My mother reminded me today about how we used to deliver Easter baskets. I had all but forgotten.
A few weeks before Easter, my mother would call the school nurse, Mrs. Robinson, and ask for names of local families who were especially needy ("You couldn't do that today," she sighed). Over the next few weeks, she would corral my brothers and me and we would make Easter baskets from milk cartons she had saved. We'd decorate eggs. We'd make Jell-O eggs from hollowed-out egg shells, by filling them halfway with one color of Jell-O, chilling, then topping them off with a second color. We made cupcakes, each decorated with the children's names. A little paper hat, ruffled collar, and glued on nose made a "clown egg." She made sure each basket was identical so children in the family would all get the same thing.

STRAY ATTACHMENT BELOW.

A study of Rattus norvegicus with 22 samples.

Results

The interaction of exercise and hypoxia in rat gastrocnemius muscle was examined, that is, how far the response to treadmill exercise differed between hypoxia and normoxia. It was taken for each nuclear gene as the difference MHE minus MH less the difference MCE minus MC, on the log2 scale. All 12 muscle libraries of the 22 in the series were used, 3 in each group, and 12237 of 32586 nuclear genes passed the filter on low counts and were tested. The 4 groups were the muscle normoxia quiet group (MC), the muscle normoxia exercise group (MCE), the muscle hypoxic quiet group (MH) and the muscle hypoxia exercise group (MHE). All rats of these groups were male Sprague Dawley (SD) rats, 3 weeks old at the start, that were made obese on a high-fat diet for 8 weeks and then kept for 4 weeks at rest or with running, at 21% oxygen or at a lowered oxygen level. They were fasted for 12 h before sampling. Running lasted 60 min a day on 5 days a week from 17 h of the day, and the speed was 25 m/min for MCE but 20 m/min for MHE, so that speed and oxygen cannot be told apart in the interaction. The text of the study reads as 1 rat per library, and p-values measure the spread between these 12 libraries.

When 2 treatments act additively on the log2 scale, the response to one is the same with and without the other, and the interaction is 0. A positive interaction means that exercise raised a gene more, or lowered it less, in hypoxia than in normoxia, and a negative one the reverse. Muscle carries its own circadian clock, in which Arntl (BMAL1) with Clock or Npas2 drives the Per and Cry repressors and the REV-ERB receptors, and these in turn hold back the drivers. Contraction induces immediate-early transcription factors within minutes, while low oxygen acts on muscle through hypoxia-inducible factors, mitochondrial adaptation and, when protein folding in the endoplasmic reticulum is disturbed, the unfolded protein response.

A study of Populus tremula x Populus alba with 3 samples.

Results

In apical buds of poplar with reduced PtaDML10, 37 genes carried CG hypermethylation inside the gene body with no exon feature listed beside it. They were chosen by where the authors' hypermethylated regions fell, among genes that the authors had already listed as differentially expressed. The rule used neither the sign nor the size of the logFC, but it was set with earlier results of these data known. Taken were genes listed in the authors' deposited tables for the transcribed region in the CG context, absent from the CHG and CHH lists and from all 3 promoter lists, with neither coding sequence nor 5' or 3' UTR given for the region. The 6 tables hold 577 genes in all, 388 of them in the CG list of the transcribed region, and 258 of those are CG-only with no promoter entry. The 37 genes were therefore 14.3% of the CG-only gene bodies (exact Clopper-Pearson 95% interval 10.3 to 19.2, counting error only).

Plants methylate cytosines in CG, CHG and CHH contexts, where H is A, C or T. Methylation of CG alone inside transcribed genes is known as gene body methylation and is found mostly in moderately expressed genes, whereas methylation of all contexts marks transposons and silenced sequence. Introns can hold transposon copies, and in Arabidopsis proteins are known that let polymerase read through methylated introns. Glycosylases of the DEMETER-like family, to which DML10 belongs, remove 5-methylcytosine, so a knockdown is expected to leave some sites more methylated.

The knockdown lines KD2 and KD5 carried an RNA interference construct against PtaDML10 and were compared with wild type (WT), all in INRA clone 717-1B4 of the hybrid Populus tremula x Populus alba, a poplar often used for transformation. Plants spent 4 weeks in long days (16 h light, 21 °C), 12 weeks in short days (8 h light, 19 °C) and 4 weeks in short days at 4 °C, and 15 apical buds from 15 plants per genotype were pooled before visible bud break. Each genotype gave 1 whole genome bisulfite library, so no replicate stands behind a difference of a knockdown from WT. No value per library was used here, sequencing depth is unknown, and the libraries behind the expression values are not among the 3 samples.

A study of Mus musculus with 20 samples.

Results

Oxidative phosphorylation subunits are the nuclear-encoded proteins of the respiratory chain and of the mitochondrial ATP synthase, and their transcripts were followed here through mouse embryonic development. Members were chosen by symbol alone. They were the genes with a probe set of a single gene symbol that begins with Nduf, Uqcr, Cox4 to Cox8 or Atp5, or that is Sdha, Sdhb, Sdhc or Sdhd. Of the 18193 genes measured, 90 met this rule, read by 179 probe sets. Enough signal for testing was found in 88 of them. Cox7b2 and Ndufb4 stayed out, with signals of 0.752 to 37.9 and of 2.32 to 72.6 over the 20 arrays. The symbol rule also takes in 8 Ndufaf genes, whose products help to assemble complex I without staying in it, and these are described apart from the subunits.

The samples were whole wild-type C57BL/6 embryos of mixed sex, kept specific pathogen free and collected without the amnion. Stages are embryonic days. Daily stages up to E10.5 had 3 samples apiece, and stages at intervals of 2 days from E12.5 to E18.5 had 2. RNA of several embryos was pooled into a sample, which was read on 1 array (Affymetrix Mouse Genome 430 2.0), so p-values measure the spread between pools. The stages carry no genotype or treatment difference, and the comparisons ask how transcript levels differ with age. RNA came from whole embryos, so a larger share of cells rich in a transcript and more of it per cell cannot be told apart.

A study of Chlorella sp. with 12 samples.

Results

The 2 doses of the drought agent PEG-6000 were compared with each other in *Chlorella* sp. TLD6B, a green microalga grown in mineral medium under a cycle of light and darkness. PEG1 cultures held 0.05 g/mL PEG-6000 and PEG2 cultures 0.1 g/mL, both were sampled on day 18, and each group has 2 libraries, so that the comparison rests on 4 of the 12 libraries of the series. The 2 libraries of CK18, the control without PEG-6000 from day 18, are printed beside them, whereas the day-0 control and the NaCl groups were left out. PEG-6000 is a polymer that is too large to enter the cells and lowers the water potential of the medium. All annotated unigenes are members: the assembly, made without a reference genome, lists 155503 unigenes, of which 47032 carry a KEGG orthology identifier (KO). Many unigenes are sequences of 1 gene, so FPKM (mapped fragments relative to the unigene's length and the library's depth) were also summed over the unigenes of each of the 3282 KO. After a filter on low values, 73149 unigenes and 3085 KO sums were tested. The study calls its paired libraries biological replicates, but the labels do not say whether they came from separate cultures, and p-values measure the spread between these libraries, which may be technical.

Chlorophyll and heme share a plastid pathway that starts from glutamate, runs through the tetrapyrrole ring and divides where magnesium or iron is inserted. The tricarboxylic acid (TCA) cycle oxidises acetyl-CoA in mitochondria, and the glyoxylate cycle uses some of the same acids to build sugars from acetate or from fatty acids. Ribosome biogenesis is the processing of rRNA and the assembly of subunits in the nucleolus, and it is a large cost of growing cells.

Very early on Easter morning, we would drive to their homes and drop off the Easter baskets.
Over the years, we would hear stories about these mysterious baskets. People would ask neighbors and relatives but no one knew who the secret bunny was. One time, my brother Arthur was confronted by a class mate who said she knew he was the Easter Bunny. She was up very early, saw a car drive up, and saw Arthur drop off the basket. Arthur reported back to Mom that he had to "lie" to keep our secret.
We also heard about a family who woke up to find colored eggs and parts of cupcakes all over their yard. It seems their dog had a wonderful Easter that year.
As I've grown up, I have discovered a lot examples of how unusual my parents were. She did this kind of thing naturally. She was teaching her sons to be giving and to honor other people's holidays and traditions, and giving us a way to participate in Easter.
At the time, it all seemed unremarkable. As kids, we have nothing to compare to. But now I know, I was raised by Marion Rubenzahl, the Secret Jewish Easter Bunny.